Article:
An Israeli technology is about to address America's growing water crisis. IDE Technologies – a pioneer and world leader in water technologies – won a contract to design and supply equipment for a new nearly $1 billion desalination plant to be located near the Encina Power Station in Carlsbad, California.
The facility, which is expected to begin operations in 2016, will produce 54 million gallons (204,412 cubic meters) of potable water each day.
"The Carlsbad Desalination Project is a significant milestone for us, California and the US at large, as we believe it will set the stage for the future of desalination in America,” says Avshalom Felber, CEO of IDE Technologies.
"Israel has [always] had to deal with water problems. In the US, most places have plenty of water. The whole concept of desalination is kind of new there," says Felber.
From drip irrigation, to water recycling, reclamation, wastewater reuse and desalination, Israel is a worldwide pioneer of water technologies.
"There's a whole list of Israeli groups including IDE that lead various aspects of the world water industry. We bring solutions that are innovative and different," says Felber of Israel's international reputation as a center of world-class expertise in the field.
400 plants in 40 countries
For over four decades, IDE Technologies has been making seawater potable for millions of people worldwide, with 400 desalination plants in 40 countries, producing 2,000,000 cubic meters of water a day.
The company started in 1965 as a government-run venture. Today it is privately owned by two mega-industrial companies: Israel Chemical and the Delek Group. IDE specializes in desalination, but also works with wastewater treatment, heat pumps and producing ice and snow machines.
The latest $922 million project will help the San Diego County Water Authority (SDCWA) alleviate its water shortage problem and achieve its goal of having seven percent of the region’s water supply come from seawater desalination by 2020. The treated water will be delivered into the county's water system.
The Carlsbad Desalination Project will be designed by IDE subsidiary IDE Americas, and administered by Poseidon Resources, a subsidiary of Poseidon Water. In addition to the $150 million design contract, IDE Technologies will receive a further $500 million for operating and maintaining the plant under a 30-year contract.
Felber says IDE has plans for other desalination plants in US states facing water crises, such as Texas, Florida and Nevada.
“Our view is that the Carlsbad project that we’re about to embark upon will accelerate both the visibility of desalination in North America and the ability of potential clients, both public and private, to understand how creative project delivery, creative finance and innovative process design allow these types of projects to happen. The movement in the US toward desalination has been a long time coming, and we’re ready to lead the charge,” said Mark Lambert, CEO of IDE Americas.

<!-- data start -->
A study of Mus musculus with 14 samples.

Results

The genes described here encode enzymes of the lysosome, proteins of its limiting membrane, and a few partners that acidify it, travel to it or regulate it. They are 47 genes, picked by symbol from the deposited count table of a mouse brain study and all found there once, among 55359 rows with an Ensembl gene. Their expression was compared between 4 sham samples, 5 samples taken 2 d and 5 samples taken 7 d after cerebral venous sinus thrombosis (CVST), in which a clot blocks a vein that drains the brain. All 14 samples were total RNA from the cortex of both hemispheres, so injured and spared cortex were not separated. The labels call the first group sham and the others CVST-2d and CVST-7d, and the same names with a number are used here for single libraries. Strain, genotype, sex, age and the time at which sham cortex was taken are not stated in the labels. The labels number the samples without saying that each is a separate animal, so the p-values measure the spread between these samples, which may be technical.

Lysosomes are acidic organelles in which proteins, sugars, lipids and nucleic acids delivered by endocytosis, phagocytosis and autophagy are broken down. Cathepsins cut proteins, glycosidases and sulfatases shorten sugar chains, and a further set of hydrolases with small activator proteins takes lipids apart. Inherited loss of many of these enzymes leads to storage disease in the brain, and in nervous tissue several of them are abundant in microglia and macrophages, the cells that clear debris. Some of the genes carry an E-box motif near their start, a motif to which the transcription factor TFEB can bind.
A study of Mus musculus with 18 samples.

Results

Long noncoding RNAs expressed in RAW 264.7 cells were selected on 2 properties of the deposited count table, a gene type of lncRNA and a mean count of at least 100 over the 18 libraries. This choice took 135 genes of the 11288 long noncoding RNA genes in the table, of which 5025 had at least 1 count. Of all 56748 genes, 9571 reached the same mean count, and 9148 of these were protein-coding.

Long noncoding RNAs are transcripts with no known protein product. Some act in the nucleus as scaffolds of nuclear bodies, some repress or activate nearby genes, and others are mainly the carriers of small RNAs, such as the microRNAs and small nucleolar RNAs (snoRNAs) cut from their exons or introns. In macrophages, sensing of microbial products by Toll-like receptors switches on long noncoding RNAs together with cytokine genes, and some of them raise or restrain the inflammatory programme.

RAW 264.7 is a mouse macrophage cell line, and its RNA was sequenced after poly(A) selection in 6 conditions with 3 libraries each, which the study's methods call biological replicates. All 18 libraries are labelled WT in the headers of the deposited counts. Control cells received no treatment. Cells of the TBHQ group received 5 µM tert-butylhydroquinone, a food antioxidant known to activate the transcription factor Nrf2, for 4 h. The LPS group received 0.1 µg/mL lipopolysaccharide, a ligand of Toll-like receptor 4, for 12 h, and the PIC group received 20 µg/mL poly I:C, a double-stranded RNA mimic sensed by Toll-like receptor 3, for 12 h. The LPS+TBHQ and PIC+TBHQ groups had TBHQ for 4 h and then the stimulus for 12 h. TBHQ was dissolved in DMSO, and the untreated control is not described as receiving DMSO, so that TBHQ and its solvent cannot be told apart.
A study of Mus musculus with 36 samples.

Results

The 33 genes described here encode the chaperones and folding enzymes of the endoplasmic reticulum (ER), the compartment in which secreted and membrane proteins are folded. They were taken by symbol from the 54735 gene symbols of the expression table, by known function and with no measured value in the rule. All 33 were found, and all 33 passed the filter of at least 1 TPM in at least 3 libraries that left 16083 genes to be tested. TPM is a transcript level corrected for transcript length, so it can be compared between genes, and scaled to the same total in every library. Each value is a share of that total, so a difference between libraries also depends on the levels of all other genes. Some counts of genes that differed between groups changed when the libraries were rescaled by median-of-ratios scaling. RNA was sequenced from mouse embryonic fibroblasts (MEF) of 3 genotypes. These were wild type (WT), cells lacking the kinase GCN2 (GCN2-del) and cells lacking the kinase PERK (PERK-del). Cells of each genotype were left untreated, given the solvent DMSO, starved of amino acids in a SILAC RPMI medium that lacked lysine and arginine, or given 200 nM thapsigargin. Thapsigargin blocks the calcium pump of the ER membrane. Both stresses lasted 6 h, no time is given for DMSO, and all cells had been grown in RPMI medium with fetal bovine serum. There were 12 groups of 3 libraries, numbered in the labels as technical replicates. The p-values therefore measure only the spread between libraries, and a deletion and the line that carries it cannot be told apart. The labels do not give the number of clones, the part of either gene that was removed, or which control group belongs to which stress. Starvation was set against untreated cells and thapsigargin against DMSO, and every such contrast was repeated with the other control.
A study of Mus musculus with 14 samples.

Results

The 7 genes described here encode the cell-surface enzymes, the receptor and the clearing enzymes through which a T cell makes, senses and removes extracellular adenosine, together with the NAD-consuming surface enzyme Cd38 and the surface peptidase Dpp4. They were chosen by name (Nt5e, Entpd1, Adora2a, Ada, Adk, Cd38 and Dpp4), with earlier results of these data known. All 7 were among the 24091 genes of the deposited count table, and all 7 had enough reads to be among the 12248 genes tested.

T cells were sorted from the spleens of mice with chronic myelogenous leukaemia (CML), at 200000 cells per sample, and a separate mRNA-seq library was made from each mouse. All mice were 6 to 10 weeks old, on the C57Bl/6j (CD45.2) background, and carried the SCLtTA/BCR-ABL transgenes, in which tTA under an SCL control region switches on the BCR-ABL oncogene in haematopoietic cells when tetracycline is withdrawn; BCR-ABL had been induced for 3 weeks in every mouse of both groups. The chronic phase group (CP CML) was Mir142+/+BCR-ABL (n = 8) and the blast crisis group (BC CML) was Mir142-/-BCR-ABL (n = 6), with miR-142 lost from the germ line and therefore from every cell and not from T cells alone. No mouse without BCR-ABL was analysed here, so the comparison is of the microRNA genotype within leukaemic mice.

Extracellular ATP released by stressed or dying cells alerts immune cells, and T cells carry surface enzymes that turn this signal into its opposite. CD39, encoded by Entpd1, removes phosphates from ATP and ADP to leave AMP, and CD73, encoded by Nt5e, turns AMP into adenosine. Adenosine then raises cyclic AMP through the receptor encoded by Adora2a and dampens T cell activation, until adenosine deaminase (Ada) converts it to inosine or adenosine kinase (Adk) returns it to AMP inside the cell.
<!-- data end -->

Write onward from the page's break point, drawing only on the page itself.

IDE Technologies, which is based in Kadima -- a 40-minute drive north of Tel Aviv -- has built and operates some of the world’s largest desalination plants. It runs the world's largest desalination plants in Ashkelon and Hadera, and will be responsible for the new Soreq desalination plant in Israel, which will be the largest reverse osmosis plant in the world and which is scheduled to begin operating this year.
The Carlsbad Desalination Project will be the largest seawater desalination plant in the United States.
"When you are dealing with an urban population, size is definitely the name of the game," says Felber, noting that urban sprawl clearly affects water consumption. "When you see desalination for urban needs, you talk about very large plants. The bigger they are the better overall solution you can offer."
The Carlsbad plan follows IDE's latest technological developments, especially in the pretreatment phase. It will use IDE's reverse osmosis technology, which requires less energy and is friendlier to the environment than thermal-based systems.
IDE's Carlsbad project is said to be creating a new map of the American water market.
Felber says the United States had been reluctant to pursue desalination projects because of a problematic one in Florida’s Tampa Bay. “Decision-makers had in their minds that desalination was not a viable solution. In America, it's hard to persuade someone that what they think is not viable is workable," says Felber. "It took us years to persuade them that this is a viable solution. And now the way is paved for other desalination ventures."